The Fall of Barcelona – Part III


Between one and the other, one woof and the other warp, the tale of Barcelona’s fall is intricately woven.

Barcelona is full of architectures that express this, delayed or premature or both at once. Take the Sagrada Familia, an overstated copy of a Gothic cathedral done by nineteenth century romantics, where stories from the Evangels are accompanied by lichens and turtles and invertebrate marine motifs. When it’s done it will be as unvisitable as ever. Or the entire Gothic quarter, where few of the quaint medieval squares are original: most are the result of having removed a cemetery or cloister or entire blocks of housing, their charm a modern ruse too. Even the Eixample, which many tout as functional and egalitarian, was imposed over the design approved by city hall, when Ildefons Cerdà snuck off to Madrid to get his plan rubber stamped by the minister: we were literally conned into it.

The fall of Barcelona describes a city that has made its name for places out of time and times without places. Where even when you get where you want to go, there’s no solace in having done so. God sat back on the seventh day and saw that it was good; Barcelona could not. Emerging out of the dictatorship, the city’s social democrat leaders strived to forge a dream of a cultural capital, open to the world, non-denominational and cosmopolitan, friendly to tourists and attractive to international financial capital.

It is astonishing just how quickly the heralded Barcelona model went from being a source of pride to the symbol of all things gone wrong.

A city that locals and foreigners could stroll through side by side, equally thrilled. In less than two decades all this was achieved: they did it. But while outsiders continued to arrive en masse, seduced by the narrative, for locals the product had already expired. The sweet wine had quickly soured, the fine raiment was found to be threadbare. Every Barcelonan seemed to be muttering those lines out of Eliot’s J. Alfred Prufrock: “That is not what I meant at all; That is not it, at all.”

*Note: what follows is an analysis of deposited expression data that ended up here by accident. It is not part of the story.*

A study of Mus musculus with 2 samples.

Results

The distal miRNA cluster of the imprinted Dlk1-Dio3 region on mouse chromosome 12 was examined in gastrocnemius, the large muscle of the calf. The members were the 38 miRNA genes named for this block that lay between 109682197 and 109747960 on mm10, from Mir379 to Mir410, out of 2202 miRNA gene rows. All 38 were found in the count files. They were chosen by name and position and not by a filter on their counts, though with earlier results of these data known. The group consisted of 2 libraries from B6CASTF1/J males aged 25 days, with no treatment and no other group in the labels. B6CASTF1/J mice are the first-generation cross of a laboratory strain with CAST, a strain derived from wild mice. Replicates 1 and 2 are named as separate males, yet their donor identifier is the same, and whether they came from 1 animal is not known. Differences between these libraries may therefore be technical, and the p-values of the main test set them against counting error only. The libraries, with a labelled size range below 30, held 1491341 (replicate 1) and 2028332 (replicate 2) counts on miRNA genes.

Unable to settle into the beauty of a harmonious present tense, Barcelona is the exact opposite of mindfulness. Being mindful means cultivating an awakened experience of the moment, unplagued by past remorse and doubt, unmarred by future uncertainties. Even if you think pop regurgitations of Buddhism (a fair description of mindfulness) are silly, you can’t deny that Barcelona has staked its reputation on fleeing from the here and now, coming up with every escape route imaginable.

In the conditions of its rise, nervous and narcissistic, cavalierly indifferent to the socio-economic conditions of residents, plain rude to the humanity of its traditional neighbourhoods, the terms of Barcelona’s fall were inscribed. Cultural capital? Still mired in provincialism. Friendly and cosmopolitan? You mean a service sector stocked by immigrants, smiling through their minimum wage. A good place for foreigners to invest? No doubt, with results that make it more comfortable for wealthy speculators than for long-time residents. It is truly astonishing just how quickly the heralded Barcelona model went from being a source of pride to the symbol of all things gone wrong.

Last month I wondered if not being the capital of its own nation was what had made Barcelona so deeply irreconcilable. A place unable to find any pleasure in what it had previously been convinced would please it, because it really wanted something else.

Now that it has been invaded again, in what can only be described as a judicially and legislatively sanctioned coup d’état, exposing the vilest reality of Spain’s flawed transition, I’m repentant of having thrown that out so coolly. Not because it may not be true, but because this is not the best time to be a smartass, with helicopters buzzing our heads, the internet and liberty crashed.